Jamaica Gold sold - JWN, Worthy Park to partner on retail sugar
Spirit company J. Wray & Nephew Limited, JWN, a subsidiary of the Campari Group, has entered the retail sugar market under a 50:50 partnership with Worthy Park Estate to package and market the sweetener under the Jamaica Gold brand.
The brand was acquired from Jamaica Cane Products Sales, JCPS, a sugar marketing company now in the process of winding up its operations.
The terms of the transaction were not disclosed.
“This partnership will allow us to provide sugar produced exclusively from Appleton and Worthy Park Estates for the domestic and export markets under the familiar local brand,” Jean-Philippe Beyer, Managing Director of J. Wray & Nephew said in emailed responses to Financial Gleaner queries.
Worthy Park Estate is involved in the business of commercial production of cane and sugar. It also distributes branded rum.
“This joint commercial venture will ensure that there is efficiency in delivering a quality product to our customers,” Beyer said.
JWN also confirmed that given the partnership, Worthy Park Estate, which packaged and distributed retail sugar under the Worthy Park brand, will no longer be packaging the product under that name.
Beyer noted that the sugar industry in Jamaica has faced several challenges over the years with the declining price of sugar globally, removal of the preferential access to the European Union territories and changes in consumer taste.
“J. Wray & Nephew has responded to the bleak outlook by putting measures in place to improve operational efficiencies, reduce the size of its sugar operations and collaborating with other players in the industry such as Worth Park Estate. This is a testament to the Campari Group’s commitment to contributing positively to Jamaica’s economy and its development,” he said.
“It is our hope that the Jamaican Sugar industry will show signs of improvement soon. In the interim, J. Wray and Nephew will continue to review our operations and proactively implement corrective action,” Beyer added.
JWN’s primary business is spirits. Its operations include the cultivation of sugar cane, the manufacture of sugar and the distillation of rum and other spirits; the ageing, blending and bottling of rum; production of wines and other alcoholic beverages and marketing, sales and distribution of the company’s brands as well all non-owned brands that are represented by the company in Jamaica.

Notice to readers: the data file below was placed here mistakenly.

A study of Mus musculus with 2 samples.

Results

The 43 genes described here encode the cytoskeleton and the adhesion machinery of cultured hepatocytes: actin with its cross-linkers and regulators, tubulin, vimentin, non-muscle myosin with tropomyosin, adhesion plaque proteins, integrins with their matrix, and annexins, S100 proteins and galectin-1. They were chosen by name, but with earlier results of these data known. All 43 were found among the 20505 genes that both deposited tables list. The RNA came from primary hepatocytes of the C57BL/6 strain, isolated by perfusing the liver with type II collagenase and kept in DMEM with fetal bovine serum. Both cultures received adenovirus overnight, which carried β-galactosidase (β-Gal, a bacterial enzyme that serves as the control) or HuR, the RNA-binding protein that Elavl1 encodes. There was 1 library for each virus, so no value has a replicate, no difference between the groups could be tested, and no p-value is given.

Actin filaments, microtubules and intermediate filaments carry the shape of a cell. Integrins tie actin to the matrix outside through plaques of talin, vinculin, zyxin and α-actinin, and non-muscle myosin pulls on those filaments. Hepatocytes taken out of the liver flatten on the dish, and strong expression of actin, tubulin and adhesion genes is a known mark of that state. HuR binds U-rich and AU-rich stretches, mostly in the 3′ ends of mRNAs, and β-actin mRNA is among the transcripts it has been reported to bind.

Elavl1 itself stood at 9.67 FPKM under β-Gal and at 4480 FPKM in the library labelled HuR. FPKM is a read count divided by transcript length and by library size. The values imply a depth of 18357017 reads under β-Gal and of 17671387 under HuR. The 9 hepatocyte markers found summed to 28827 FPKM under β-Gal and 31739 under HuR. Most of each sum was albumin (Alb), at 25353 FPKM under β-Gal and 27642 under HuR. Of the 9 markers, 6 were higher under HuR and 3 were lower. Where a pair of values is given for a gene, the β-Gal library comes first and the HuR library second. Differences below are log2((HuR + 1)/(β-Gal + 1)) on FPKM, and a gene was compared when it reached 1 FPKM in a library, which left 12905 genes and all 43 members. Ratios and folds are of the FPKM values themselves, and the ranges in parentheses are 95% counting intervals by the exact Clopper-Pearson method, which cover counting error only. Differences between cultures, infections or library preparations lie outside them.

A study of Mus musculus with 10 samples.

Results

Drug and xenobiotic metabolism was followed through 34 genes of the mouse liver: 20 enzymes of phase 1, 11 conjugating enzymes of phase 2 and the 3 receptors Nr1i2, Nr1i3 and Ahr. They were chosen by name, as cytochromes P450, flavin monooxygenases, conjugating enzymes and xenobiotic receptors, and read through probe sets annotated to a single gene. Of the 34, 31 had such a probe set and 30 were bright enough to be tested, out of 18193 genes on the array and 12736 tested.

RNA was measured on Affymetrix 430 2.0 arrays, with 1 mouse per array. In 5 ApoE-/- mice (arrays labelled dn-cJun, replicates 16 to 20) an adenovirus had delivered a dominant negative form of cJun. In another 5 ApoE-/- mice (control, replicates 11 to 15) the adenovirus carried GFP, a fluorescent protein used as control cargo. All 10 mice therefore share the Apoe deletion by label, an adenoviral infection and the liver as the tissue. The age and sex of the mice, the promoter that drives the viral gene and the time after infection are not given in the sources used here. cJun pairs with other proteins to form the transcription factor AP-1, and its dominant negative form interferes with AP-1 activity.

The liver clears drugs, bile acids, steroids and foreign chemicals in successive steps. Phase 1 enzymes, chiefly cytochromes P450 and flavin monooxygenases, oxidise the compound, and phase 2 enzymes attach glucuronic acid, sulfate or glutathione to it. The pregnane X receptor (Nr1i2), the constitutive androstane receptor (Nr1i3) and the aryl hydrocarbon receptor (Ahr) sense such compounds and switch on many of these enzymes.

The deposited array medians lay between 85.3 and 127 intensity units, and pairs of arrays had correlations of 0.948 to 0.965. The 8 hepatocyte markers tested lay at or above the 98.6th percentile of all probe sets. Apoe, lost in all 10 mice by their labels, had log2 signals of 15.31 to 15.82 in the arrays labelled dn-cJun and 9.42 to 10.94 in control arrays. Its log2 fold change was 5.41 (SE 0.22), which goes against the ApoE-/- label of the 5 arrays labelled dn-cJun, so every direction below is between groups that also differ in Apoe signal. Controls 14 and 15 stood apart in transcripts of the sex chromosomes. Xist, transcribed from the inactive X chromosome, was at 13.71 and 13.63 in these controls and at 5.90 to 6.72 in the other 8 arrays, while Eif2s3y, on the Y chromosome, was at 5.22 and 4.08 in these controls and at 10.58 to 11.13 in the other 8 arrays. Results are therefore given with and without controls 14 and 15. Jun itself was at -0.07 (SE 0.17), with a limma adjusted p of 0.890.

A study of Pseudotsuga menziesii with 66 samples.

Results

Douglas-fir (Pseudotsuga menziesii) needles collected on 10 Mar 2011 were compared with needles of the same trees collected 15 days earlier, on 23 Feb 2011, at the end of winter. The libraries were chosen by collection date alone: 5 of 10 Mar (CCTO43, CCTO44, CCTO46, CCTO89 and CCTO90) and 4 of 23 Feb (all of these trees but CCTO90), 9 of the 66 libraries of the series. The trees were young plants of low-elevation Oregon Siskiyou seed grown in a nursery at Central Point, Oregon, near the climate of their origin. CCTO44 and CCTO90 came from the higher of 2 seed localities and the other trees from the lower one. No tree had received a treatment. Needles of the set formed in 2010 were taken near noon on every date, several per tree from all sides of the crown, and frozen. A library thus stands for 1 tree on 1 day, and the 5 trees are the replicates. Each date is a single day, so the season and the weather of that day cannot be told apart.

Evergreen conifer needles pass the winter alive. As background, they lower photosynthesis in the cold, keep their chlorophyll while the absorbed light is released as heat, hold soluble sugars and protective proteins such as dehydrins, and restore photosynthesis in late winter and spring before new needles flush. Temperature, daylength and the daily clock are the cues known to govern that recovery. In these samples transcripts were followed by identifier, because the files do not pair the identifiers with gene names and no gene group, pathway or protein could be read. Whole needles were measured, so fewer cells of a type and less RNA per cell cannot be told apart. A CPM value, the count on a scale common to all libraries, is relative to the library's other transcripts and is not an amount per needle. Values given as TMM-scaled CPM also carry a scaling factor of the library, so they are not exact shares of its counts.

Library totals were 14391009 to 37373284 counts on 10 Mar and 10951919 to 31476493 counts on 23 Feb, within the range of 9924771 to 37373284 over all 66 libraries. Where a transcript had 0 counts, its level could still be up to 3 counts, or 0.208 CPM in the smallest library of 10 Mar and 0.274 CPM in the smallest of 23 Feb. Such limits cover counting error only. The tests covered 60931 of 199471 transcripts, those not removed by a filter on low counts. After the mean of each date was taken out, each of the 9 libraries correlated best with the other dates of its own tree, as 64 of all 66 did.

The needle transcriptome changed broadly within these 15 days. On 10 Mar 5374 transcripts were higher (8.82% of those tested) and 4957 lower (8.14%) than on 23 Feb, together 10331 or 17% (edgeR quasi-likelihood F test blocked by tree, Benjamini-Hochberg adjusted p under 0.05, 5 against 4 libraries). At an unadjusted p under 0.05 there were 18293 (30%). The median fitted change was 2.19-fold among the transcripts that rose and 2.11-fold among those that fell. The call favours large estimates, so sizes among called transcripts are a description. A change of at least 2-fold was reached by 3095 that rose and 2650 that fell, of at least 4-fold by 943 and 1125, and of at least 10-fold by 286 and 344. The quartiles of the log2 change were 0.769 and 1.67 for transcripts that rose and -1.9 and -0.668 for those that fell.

As to who will be packaging the sugar on behalf of the companies, JWN said it will be establishing a facility at the company’s Spanish Town Road, Kingston premises for that purpose. The company owns Jamaica Gold under its own name, J. Wray & Nephew.
In the meantime, chairman of Jamaica Cane Product Sales, Karl James said the company’s wind-up, which was slated for the end of October, has been pushed back to the end of December or mid-January 2020.
He said the company still have some assets, including two standby generators and office furniture which it wishes to dispose of, as well as collect outstanding sums owed before wrapping up operations.
“Winding up a company like JCPS that has been active in marketing and other things for the industry does take some time,” said James.
“We are not selling any products. What we are selling are assets, winding up, collecting outstanding sums from guys who are taking longer to pay because they know we are winding up,” he said.
James said the funds obtained from sale of the Jamaica Gold brand as well as equipment was not enough to cover JCPS’ debt, which The Gleaner reported in August stood at about $100 million.
“We have other sources from which we are gathering the money. We gathering all that we are supposed to get to pay off the people that we owe,” the JCPS chairman said.
He adds that the company has collected some of the funds due in refunds from Tax Administration Jamaica, but the matter has not been fully settled.